Counseling Services to Increase on MU’s Campus
A new fee approved by Mizzou students in the spring will help fund expanded mental health services on campus over the coming school year. That's good news for the many students who seek out the MU Counseling Center each semester.
“The only thing I wanted my freshman year was to be normal,” said Daniaja Davis. “I wanted to have a normal college experience. I thought I really wanted to get away from home, that was the mindset I was in. If I get away and start over, life will be swell.”
For Davis, a women and gender studies major at the University of Missouri, coming to college was a tough transition.
And Davis said it was hard to establish a support group when she wasn’t sharing what was going on with the people around her.
“They would just know that one day Daniaja was happy, and the next day she’s crying through the hallways,” said Davis. “They don’t really know what is going on.”
Davis said she had separation anxiety and severe homesickness. She said she started having anxiety attacks.
“I would have them in my sleep,” said Davis. “My poor freshman year roommate would just watch and not really know what to do. I’d wake up and not want to talk about it.”
Davis began therapy at the MU Counseling Center her sophomore year. She credits the counseling center as the reason she is at MU instead of back home in Chicago.
The Missouri Assessment of College Health and Behavior reported that almost half of Missouri college students dealt with anxiety in 2016. The MU Counseling Center is one of the main resources for students dealing with mental health issues on campus, and students recently voted to increase funding for the center.
The funding increase comes from the Student Services Enhancement fee, also known as the Enhance Mizzou fee, that passed in March. The fee will increase the student activity fee by twenty percent—about 26 dollars for graduate students and 35 dollars for undergraduate students each semester starting in fall of 2017. The fee will help fund 24-hour service for Ellis Library and expand campus wi-fi, along with adding three new counselors to the permanent staff of 14 at the counseling center. A large part of the student-led marketing for the fee was centered on the increased funds for the MU Counseling Center.
The counseling center funding was an important reason why Savannah Borgsmiller, a strategic communication major at MU, decided to join the marketing team for the new fee.
“The necessity for mental health is growing, and it's only going to get larger and more intense with the years,” said Borgsmiller. “I think it’s only apt and only time that this fee came about.”
Borgsmiller said she has heard students' frustrations over the long wait times to see counselors. She said she is hopeful the hiring of three new counselors thanks to the fee will help shorten these wait times, but the fee can’t be the only thing MU does to improve mental health on campus.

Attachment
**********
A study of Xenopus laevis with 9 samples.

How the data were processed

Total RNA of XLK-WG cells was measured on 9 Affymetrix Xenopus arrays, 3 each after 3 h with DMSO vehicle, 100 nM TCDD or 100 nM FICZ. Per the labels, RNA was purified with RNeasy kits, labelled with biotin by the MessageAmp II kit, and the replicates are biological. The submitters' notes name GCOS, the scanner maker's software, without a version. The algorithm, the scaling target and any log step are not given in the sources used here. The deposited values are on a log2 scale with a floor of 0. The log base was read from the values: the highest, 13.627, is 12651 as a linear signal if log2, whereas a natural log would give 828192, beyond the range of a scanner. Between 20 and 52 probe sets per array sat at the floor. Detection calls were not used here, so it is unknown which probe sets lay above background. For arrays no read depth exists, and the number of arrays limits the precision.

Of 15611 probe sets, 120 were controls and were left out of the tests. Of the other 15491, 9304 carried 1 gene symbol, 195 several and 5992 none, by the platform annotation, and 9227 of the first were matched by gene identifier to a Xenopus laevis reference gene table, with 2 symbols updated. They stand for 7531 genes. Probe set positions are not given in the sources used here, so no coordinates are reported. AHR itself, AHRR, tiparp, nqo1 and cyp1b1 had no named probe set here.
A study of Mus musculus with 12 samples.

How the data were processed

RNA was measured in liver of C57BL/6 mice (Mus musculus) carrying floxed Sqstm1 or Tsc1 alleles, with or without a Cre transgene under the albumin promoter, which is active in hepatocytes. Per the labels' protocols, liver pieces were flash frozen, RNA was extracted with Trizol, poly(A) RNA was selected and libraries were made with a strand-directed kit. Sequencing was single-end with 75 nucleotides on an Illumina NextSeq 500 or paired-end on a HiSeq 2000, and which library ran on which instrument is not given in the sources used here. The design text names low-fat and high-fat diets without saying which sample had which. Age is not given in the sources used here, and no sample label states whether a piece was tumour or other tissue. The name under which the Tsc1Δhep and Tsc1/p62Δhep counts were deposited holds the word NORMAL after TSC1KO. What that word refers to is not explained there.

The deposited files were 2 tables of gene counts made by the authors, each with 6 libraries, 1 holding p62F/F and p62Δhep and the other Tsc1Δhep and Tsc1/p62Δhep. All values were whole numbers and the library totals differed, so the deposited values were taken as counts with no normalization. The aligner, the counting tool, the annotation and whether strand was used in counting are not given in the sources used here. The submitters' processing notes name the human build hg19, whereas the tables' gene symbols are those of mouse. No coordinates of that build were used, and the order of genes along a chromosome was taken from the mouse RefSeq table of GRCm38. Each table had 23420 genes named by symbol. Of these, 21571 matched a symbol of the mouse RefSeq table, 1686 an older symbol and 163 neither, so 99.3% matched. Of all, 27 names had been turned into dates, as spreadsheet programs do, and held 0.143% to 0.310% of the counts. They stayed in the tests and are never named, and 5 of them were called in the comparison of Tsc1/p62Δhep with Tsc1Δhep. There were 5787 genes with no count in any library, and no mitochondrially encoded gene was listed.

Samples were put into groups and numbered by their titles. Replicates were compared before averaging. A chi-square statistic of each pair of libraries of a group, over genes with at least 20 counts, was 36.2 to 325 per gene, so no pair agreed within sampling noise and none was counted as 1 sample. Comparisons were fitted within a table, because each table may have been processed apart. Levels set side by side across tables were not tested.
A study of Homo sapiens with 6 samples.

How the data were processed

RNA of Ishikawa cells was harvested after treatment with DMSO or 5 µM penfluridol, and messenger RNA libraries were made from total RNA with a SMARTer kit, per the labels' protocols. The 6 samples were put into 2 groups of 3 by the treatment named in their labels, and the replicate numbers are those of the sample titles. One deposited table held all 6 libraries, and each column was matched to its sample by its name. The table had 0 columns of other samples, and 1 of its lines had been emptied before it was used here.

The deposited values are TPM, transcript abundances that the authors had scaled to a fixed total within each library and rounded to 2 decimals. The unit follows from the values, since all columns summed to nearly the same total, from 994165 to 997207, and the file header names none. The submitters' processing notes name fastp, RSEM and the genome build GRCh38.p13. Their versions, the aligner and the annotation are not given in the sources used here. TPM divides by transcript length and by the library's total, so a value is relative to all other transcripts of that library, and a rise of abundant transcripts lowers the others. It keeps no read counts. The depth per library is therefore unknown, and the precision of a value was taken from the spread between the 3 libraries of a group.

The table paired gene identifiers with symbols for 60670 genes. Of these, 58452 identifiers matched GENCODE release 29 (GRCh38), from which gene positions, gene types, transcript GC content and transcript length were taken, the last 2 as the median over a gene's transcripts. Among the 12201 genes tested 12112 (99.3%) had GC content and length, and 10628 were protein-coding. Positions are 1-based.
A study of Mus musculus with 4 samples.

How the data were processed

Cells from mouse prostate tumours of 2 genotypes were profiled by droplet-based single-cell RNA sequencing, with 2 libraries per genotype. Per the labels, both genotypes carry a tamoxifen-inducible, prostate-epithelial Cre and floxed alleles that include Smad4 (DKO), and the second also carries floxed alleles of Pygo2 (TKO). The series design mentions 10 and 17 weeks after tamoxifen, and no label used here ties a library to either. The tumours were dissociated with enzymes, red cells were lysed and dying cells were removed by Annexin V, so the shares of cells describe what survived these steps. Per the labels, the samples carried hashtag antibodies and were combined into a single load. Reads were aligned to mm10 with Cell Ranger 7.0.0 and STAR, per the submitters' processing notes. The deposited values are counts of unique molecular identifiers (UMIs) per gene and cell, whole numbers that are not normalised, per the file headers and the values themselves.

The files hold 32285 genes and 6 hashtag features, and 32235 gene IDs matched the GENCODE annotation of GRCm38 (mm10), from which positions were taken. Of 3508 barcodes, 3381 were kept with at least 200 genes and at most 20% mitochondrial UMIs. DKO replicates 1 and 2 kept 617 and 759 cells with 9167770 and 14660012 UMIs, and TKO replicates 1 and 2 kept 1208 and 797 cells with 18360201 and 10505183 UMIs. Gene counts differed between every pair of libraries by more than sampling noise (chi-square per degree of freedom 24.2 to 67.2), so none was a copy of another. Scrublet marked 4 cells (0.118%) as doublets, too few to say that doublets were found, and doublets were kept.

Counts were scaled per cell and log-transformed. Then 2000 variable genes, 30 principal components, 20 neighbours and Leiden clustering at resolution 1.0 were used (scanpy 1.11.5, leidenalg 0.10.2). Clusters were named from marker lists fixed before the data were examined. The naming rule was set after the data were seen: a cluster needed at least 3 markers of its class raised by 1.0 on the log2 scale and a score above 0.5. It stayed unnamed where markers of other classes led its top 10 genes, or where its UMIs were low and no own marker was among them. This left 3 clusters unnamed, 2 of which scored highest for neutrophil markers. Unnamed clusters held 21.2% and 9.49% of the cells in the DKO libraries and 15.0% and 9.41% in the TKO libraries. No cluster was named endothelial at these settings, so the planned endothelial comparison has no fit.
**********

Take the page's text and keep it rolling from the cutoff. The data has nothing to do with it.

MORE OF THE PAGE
“I think there probably isn't as much emphasis on the counseling center as there should be,” said Borgsmiller. “I think this enhancement fee is only solving a little bit of a very large problem.”
Long wait times and lack of resources to counseling centers is an issue state-wide, not just one at MU. Joan Masters is the director of Missouri Partners in Prevention, a coalition of 21 colleges across the state of Missouri working to create safe and healthy college campuses.
“Mental health is just as important as our physical health, and everyone has mental health,” said Masters. “We shouldn't only worry about mental health when there's a crisis.”
Masters said that she regularly meets with a group of leaders from college counseling centers all across Missouri to discuss challenges and collaborate on solutions to help students. They have seen the demand for counseling services growing.
MU’s counseling center has seen an increase in student demand, even though total enrollment has decreased this past academic year, said Christy Hutton, assistant director for outreach and prevention at the MU Counseling Center.
The MU Counseling Center is different from the behavioral health services offered by the MU Student Health Center. Though both provide avenues for students to access counseling, they are funded through different streams. Appointments at the Counseling Center are entirely covered by the Student Activity fee.
Masters said the student fee is a positive way for MU to keep up with students’ mental health needs.
“I think it's tremendous that so many students voted in favor of this,” said Masters. “I'm not sure we would have that vote 15 or 25 years ago when mental health was still a very closeted issue.”
Student Daniaja Davis said she is glad the fee will equip the counseling center to serve more students. Participating in individual and group therapy at the counseling center changed her entire outlook at MU, said Davis.
“I am pretty sure I would not have made it here,” said Davis. “I wouldn't have made it through my sophomore year. I've just seen so many people who have used them and were greatly impacted by [MU Counseling Center] or who didn't use them and are not here anymore.”